Starting Over, Vacuum Not Included

Among my worries around moving in with my boyfriend (money, cleanliness, poop), the actual STUFF — at least the smaller stuff — had fallen to the bottom of the list.

The Great Merger: What You Need to Know Before You Cohabitate

That is, until I had this text conversation yesterday with a friend, also on the verge of cohabitation:

Friend: I want some details about your move in. Like, are you getting rid of your duplicate stuff? I’m moving next week.

Me: Yes, we are going to get rid of some stuff. Probably some dishes and cutlery? Idk about furniture, we’ll probably sell some stuff?

Friend: Are you keeping things? Like do I get rid of my (shitty) vacuum and iron?

Me: Yes, if his are nicer.

Friend: What if I’m single again?

Me: Then you’ll buy another shitty one.

Friend: I don’t want to be single AND have to start over with appliances.

CUE PANIC SPIRAL. The stuff-ness of single adulthood — i.e. when you’re living alone (not with parents or roommates), care to some degree about your cleanliness and the state of your surroundings, and have at some point made the decision to invest in a few key appliances (my power drill! my KitchenAid!) — is generally so nauseatingly utilitarian that we most likely forget it exists, even when hauling it from apartment to apartment. Yet my friend is right — starting over again sounds depressing enough, let alone starting over without a vacuum.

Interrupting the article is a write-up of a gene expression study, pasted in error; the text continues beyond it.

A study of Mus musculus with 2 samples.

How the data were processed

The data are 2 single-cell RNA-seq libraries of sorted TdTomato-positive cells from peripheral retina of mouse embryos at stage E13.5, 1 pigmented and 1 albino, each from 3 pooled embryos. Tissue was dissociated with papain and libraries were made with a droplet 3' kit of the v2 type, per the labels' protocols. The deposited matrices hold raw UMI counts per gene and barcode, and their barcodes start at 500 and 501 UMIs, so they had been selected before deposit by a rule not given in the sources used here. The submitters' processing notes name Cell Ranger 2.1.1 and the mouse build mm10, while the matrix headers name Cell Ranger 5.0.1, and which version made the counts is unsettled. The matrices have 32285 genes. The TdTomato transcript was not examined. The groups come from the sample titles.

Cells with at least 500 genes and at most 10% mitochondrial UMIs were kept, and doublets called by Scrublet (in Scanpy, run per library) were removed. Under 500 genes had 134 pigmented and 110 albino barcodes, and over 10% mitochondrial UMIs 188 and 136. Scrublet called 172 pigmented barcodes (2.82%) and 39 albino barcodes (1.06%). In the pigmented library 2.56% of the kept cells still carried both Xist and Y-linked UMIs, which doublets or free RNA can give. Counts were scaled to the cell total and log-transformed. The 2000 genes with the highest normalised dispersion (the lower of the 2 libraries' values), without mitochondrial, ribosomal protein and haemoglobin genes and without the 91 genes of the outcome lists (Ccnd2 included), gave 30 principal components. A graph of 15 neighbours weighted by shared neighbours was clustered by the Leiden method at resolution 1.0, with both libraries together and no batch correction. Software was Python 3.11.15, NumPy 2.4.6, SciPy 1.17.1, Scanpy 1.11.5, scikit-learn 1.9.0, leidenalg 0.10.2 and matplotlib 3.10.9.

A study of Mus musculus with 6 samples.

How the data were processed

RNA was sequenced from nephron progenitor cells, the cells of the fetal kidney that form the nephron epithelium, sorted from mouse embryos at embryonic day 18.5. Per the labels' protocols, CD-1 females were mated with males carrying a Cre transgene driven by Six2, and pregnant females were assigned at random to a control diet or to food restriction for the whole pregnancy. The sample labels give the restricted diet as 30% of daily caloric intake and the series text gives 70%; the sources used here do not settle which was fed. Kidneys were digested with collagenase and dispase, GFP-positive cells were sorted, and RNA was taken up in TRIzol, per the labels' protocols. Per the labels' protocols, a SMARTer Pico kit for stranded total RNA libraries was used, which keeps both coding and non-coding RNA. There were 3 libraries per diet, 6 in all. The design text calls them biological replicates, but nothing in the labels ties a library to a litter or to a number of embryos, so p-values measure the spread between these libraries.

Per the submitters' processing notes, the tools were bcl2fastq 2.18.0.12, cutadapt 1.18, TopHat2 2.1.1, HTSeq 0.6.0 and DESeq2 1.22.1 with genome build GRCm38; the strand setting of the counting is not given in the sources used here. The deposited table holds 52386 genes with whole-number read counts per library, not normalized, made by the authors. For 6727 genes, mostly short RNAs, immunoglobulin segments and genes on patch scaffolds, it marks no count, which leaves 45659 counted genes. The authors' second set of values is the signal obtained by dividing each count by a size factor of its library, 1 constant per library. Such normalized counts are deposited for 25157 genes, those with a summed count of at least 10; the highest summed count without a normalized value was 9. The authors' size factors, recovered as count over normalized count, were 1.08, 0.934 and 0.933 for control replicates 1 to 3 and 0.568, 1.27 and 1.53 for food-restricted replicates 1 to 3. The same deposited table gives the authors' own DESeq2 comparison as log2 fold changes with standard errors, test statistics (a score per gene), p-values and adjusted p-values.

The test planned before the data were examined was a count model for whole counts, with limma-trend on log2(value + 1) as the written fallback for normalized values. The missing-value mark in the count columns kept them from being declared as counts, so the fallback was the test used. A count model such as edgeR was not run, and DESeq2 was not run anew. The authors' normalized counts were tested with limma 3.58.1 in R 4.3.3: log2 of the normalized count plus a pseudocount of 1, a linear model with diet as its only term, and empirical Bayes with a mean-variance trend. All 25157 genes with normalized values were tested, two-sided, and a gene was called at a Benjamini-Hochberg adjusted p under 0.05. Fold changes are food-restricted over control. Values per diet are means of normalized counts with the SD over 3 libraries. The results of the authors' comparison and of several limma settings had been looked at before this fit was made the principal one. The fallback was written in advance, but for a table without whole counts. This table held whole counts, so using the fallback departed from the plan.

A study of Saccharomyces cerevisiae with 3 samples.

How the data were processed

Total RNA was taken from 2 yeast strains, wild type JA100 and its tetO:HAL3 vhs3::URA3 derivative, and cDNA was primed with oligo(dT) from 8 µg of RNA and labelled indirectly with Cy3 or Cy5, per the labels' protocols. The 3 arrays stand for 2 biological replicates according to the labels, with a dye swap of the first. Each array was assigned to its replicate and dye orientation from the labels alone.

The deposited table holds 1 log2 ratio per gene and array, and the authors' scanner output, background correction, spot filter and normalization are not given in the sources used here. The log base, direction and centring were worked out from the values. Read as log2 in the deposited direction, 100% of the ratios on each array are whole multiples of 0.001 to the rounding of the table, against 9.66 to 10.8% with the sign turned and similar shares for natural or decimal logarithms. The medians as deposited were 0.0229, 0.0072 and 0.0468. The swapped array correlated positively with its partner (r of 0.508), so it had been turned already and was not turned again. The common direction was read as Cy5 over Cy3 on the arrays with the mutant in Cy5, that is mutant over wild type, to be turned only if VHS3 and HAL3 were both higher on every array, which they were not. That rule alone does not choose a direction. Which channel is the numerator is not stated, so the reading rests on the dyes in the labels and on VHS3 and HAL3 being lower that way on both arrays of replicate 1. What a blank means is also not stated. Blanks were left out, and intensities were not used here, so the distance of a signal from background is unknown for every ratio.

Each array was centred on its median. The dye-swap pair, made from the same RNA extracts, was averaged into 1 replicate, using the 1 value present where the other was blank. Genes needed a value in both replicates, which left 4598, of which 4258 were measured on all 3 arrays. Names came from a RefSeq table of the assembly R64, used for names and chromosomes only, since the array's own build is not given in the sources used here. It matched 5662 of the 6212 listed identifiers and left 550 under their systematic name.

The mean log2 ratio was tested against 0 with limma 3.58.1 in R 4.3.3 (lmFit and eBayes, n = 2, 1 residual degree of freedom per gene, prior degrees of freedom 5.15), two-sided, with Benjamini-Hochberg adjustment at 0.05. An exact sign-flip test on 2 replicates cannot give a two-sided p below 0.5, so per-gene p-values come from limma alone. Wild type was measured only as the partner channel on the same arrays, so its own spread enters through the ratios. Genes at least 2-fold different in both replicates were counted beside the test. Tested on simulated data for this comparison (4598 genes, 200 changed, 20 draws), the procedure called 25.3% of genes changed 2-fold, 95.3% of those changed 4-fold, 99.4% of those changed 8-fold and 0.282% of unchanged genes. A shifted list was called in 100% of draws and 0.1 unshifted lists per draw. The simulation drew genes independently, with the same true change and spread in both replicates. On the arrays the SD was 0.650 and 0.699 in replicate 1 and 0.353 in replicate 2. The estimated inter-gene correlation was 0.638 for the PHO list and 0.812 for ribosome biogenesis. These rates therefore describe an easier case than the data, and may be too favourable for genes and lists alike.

Are we being too pessimistic? Not according to a 2014 study reported on by New York Magazine, which happily announces that “within a year of moving in together, about 14 percent of couples break up. By the three-year mark, nearly a third have broken up.”

27 Percent of Cohabiting Couples Break Up Within 3 Years

That’s 33.3 humans walking around without their steam irons, their hairdryers, their shower caddies.

Sure, we don’t need two vacuums. But could that vacuum in the back of the closet be some sort of relationship talisman, a way to remind yourself that you are capable of being an independent person, living alone, drilling holes in the wall willy-nilly? Do we need the box under the bed filled with dusty appliances to remind us we can always leave, and with a perfectly pressed shirt?

Support The Billfold

The Billfold continues to exist thanks to support from our readers. Help us continue to do our work by making a monthly pledge on Patreon or a one-time-only contribution through PayPal.